Earthquake Forecast for Puerto Rico: Dozens of Large Aftershocks Likely
A crack caused by an earthquake is seen in La Guancha boardwalk in Ponce, Puerto Rico on Jan. 9, 2020. RICARDO ARDUENGO / AFP via Getty Images
By Richard Aster
Multiple strong and damaging earthquakes in southern Puerto Rico starting around Dec. 28, 2019 have killed at least one person, caused many serious injuries and collapsed numerous buildings, including a multistory school in the town of Guánica that luckily was empty at the time. These quakes are the most damaging to strike Puerto Rico since 1918, and the island has been under a state of emergency since Jan. 6, 2020.
This flurry of quakes includes onshore and offshore events near the town of Indios and along Puerto Rico’s southwestern coast. So far it has included 11 foreshocks – smaller earthquakes that preceded the largest event, or mainshock – with magnitudes of 4 and greater. Major quakes occurred on Jan. 6 (magnitude 5.8) and Jan. 7 (magnitude 6.4 mainshock), followed by numerous large aftershocks.
Seismologists like me are constantly working to better understand earthquakes, including advancing ways to help vulnerable communities before, during and after damaging events. The physics of earthquakes are astoundingly complex, but our abilities to forecast future earthquakes during a strong sequence of events in real time is improving.
Forecasting earthquakes is not a strict prediction – it’s more like a weather forecast, in which scientists estimate the likelihood of future earthquake activity based on quakes that have already occurred, using established statistical laws that govern earthquake behavior.
An Undersea Fault Zone
Puerto Rico spans a complex boundary between the Caribbean and North American tectonic plates, which are sliding past each other in this region at a relative speed of about 2 centimeters per year. Over geologic time, this motion has created the Muertos Trough, a 15,000-foot depression in the sea floor south of the island.
This plate boundary is riddled with interconnected fault structures. The present activity is occurring on and near at least three interrelated large faults.
Multiple faults crisscross the eastern Caribbean. Those outlined in red have a potential to generate a large earthquake. The arrow at top right shows the direction of the North American plate’s motion relative to the Caribbean plate. Red stars denote intensity centers for past earthquakes. USGS
Faults are pre-existing weak zones between stronger rocks. In response to surprisingly small force (stress) changes, they rapidly slip to produce earthquakes. The “hair-trigger” nature of fault slip means that predicting the precise timing, location and size of individual quakes is extremely challenging, if not impossible.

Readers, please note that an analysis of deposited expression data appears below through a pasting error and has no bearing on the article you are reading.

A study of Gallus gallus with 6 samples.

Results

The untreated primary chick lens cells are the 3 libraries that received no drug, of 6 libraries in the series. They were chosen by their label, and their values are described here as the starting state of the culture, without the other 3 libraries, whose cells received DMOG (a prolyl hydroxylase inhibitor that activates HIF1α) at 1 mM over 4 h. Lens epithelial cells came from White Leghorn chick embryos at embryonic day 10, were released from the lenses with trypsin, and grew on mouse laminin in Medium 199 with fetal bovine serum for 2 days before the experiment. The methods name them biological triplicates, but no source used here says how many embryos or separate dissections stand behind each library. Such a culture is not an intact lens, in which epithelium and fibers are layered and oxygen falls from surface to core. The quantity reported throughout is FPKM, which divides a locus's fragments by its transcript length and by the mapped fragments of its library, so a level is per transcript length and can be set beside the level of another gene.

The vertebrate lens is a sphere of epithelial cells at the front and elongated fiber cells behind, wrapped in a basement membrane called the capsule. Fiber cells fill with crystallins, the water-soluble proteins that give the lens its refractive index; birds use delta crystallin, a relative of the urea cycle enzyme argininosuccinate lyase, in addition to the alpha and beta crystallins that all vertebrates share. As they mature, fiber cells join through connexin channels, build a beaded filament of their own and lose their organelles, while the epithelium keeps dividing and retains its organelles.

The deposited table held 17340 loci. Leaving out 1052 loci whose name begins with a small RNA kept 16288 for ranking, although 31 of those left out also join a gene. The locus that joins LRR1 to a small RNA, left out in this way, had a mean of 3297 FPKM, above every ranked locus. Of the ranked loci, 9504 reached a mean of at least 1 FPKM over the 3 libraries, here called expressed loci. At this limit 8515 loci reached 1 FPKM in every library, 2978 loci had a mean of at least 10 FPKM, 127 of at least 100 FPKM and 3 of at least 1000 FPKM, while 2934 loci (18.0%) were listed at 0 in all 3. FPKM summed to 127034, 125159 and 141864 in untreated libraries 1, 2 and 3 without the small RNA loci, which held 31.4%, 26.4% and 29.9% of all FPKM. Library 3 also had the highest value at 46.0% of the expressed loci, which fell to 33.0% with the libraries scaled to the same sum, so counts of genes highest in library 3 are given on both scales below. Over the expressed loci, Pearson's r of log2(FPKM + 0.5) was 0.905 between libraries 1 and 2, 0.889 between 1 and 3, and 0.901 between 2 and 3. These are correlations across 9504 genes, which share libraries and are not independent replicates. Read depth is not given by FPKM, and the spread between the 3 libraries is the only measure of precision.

During an earthquake sequence, changing stresses act on nearby fault systems as stress is gradually redistributed within the earth. This process generates thousands of protracted aftershocks.
Many earthquake sequences simply start with the mainshock. But it is not especially rare for scientists to recognize after the fact that foreshocks were occurring before the main event. Improvements in earthquake instrumentation and analysis are helping scientists detect foreshocks more often, although we have not yet figured out how to recognize them in real time.
Will One Shock Lead to Another?
Researchers have known for over a century that the rate of earthquakes following a mainshock declines in a way that we can characterize statistically. There is also a well-established relationship between the magnitude of earthquakes and their relative number during an earthquake sequence. In most seismically active regions, for a decrease of one magnitude unit – say, from 4.0 to 3.0 – people can expect to experience about 10 times as 3s compared to 4s in a given time period.
Using such statistical relationships allows us to forecast the probability and sizes of future earthquakes while an earthquake sequence is underway. Put another way, if we are experiencing an aftershock sequence, we can project the future rate of earthquakes and what magnitudes we expect those quakes to have.
Richard Aster is a professor of geophysics and the department head at Colorado State University.
Disclosure statement: Richard Aster has received funding for earthquake research from the National Science Foundation, Los Alamos National Laboratory, Sandia National Laboratories and the U.S. Geological Survey. He is a past president of the Seismological Society of America (SSA) (2009-2011) and current chair of the board of directors of Incorporated Research Institutions for Seismology. Aster also chairs the U.S. Geological Survey’s Advanced National Seismic System Advisory Committee, and is a member of the Southern California Earthquake Center Advisory Council.
Reposted with permission from The Conversation.